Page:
A Suffolk Police officer is back on duty after winning the reality TV show Hunted - and evading an Assistant Chief Constable to do it.

A constable who spent 23 days on the run for a national TV show is celebrating her win – and surviving attempts by colleagues to get her to reveal her secret.

In a thrilling final, Suffolk officer PC Sarah Kibble used her search skills learned on the day job and her survival skills gained with the Ministry of Defence Police to beat contestants to win Channel 4’s programme Hunted.

She shared the £100,000 prize money with another contestant, graphic designer Nathan Falcon.

The programme, which has regularly pulled in an audience of 2.5m, pits a group of contestants against police, security and military intelligence experts who must capture them.

And leading the 'hunter' team was Assistant Chief Constable of Cleveland Police, Lisa Theaker who had live CCTV, ANPR, GPS positioning, drones, tracker dogs, mobile phone monitoring and publicity campaigns at her disposal.

The PC, who is based in Lowestoft, was back on duty the day after the final episode aired, having successfully kept the result secret since last October.

“My head was elsewhere after the final went out, I have to admit. But I’ve honestly loved taking part,” she told Police Oracle.

PC Kibble was contract-bound not to share the result for months – and so became hunted all over again by colleagues.

She said: “I’d had people asking questions, trying to catch me out - and even using interview techniques on me. It’s been quite fun with them not knowing.”

PC Kibble has been a fan of the show, now in its sixth series, since it started in 2015 and was persuaded by her son to apply in January 2020.

“I’ve always watched it since series one. My son said ‘you should do it, you’d be really good. I saw the application and thought, 'yeah, why not? Let's do it'.”

Before auditioning, Suffolk confirmed she would be allowed to take unpaid leave in order to join the show.

“They were really good. I asked early on if I could do it as there was no point going through the emotion of an audition if they were going to say no. Hopefully, I did the force proud,” she said.

COVID-19 lockdown intervened until finally in July last year PC Kibble got confirmation that filming would start in October – and with it the first surprise.

“I would have loved to have been a hunter as that’s part of my job.  I didn’t get told I was going to be on the run until two weeks before,” she said.

It took her full circle as TV had sparked her interest in joining the service: “Growing up, I’d be watching repeats of The Bill. I’ve always had a passion for it.”

She then spent 23 days on the run, making use of skills learned while serving with the Ministry of Defence Police for eight years - including two tours of Iraq.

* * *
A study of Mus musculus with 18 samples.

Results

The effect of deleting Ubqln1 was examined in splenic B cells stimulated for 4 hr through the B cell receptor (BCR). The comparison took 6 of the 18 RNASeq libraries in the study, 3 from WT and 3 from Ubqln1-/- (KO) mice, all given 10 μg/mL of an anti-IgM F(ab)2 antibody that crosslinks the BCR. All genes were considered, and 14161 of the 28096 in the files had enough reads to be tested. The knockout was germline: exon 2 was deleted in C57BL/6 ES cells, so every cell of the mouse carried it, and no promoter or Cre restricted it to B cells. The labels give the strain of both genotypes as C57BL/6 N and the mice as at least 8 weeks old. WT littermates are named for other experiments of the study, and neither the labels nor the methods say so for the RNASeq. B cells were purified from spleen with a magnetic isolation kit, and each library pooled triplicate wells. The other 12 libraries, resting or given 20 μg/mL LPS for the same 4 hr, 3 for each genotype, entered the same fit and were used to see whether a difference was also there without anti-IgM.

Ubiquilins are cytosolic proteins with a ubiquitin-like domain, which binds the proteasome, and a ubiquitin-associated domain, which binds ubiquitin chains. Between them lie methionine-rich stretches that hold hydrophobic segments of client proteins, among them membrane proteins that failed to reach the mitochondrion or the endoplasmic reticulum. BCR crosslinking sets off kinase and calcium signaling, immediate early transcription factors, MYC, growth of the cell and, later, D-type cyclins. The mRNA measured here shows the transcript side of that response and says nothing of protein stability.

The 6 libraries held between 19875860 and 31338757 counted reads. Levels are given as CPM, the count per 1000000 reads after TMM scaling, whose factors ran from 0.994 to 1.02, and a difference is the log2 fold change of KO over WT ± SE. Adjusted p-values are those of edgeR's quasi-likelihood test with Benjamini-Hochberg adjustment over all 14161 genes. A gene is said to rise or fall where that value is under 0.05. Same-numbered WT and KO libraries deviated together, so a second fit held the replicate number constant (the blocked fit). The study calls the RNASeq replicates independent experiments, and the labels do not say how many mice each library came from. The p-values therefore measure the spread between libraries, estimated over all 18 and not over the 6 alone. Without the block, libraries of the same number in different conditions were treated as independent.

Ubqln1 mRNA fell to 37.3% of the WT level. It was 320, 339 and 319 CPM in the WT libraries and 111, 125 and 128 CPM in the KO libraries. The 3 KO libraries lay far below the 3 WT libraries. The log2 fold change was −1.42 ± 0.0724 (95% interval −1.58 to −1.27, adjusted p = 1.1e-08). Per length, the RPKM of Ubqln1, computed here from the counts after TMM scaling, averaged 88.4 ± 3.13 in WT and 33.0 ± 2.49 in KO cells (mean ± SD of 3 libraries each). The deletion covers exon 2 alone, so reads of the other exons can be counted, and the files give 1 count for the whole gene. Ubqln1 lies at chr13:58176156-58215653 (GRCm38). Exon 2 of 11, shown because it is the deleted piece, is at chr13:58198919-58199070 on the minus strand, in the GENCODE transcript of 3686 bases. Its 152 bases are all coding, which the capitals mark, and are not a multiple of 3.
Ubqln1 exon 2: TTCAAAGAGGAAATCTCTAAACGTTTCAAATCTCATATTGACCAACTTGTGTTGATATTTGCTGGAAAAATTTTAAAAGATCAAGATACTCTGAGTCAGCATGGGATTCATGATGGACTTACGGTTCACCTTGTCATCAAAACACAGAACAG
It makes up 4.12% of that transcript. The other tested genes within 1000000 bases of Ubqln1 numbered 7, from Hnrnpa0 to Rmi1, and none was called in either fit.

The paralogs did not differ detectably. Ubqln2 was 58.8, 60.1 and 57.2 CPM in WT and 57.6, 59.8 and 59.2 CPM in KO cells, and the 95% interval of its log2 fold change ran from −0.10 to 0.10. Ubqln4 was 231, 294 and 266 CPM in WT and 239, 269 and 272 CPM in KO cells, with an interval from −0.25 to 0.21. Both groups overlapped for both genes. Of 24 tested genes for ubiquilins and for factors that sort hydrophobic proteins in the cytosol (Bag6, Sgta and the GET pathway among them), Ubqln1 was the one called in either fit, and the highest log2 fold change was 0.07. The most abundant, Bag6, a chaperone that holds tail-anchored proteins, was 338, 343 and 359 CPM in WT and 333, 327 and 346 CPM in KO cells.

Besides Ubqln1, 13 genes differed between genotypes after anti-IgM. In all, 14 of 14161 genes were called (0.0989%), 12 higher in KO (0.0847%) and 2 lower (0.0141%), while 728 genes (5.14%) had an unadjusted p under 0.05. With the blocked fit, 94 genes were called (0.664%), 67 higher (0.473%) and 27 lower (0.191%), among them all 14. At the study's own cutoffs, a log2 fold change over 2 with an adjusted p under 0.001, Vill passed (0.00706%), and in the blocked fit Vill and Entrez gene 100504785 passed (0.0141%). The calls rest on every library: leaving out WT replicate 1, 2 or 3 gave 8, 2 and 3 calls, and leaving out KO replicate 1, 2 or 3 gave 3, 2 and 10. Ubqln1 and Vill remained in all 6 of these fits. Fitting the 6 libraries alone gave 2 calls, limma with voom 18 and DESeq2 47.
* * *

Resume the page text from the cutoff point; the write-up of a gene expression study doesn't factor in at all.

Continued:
Her methods of evading capture included hiding out at a dinosaur theme park and sleeping in the wild. Viewers, social media commentators and experts described her as the most effective contestant seen on the show.

The PC said: “Because I’m ex-military, I had that quiet confidence. The biggest challenge was missing my two boys. But being on the run was quite liberating; I didn’t have a house to clean or go to work, I was just being me.”

But it wasn’t totally slumming it, with moments where she couldn’t resist having some fun: “I hijacked my husband and two boys at a football night and also watched Primeval with friends. I even had two nights in a Manchester hotel where I ate steak and drank red wine.”

After the final aired, her force celebrated the success of their new local hero.

Suffolk shared on social media: “Spoiler Alert! We just want to say a massive congratulations to our very own Pc Sarah Kibble. Well done Sarah we are really proud of you!”

Suffolk’s community also celebrated their home-grown winner.

Great Yarmouth Town Football club tweeted: “A massive well done to the local legend Sarah Kibble who well and truly kicked @Hunted_HQ arse. Amazing achievement.”

And a resident shared: “Loved seeing a local lass smashing it.”

She was back on duty four days after the show finished and isn’t planning on a TV career.

Asked if she is about to become famous, she replied: “I very much doubt it.”

Being competitive and determined may help with a future career ambition to join CID.

“I know morale can sometimes be a bit low but I can’t see myself doing another job. We’re not all bad and it’s a great career to have,” the PC said.

But she also hopes taking part in the TV has shown the skills officers have and the positives of policing.

She told Police Oracle: “I hope it’s countered some of the bad press. During the series I was always aware that I am a serving officer. I didn’t want to give the police a bad name. Which I think I did up to the final episode when I was swearing like a trouper…”

She needn’t have worried about the response from the force; her line manager had missed the whole series completely and now, having finally been told the result, has promised to binge watch it.

“I think that does qualify as a cake fine,” she said.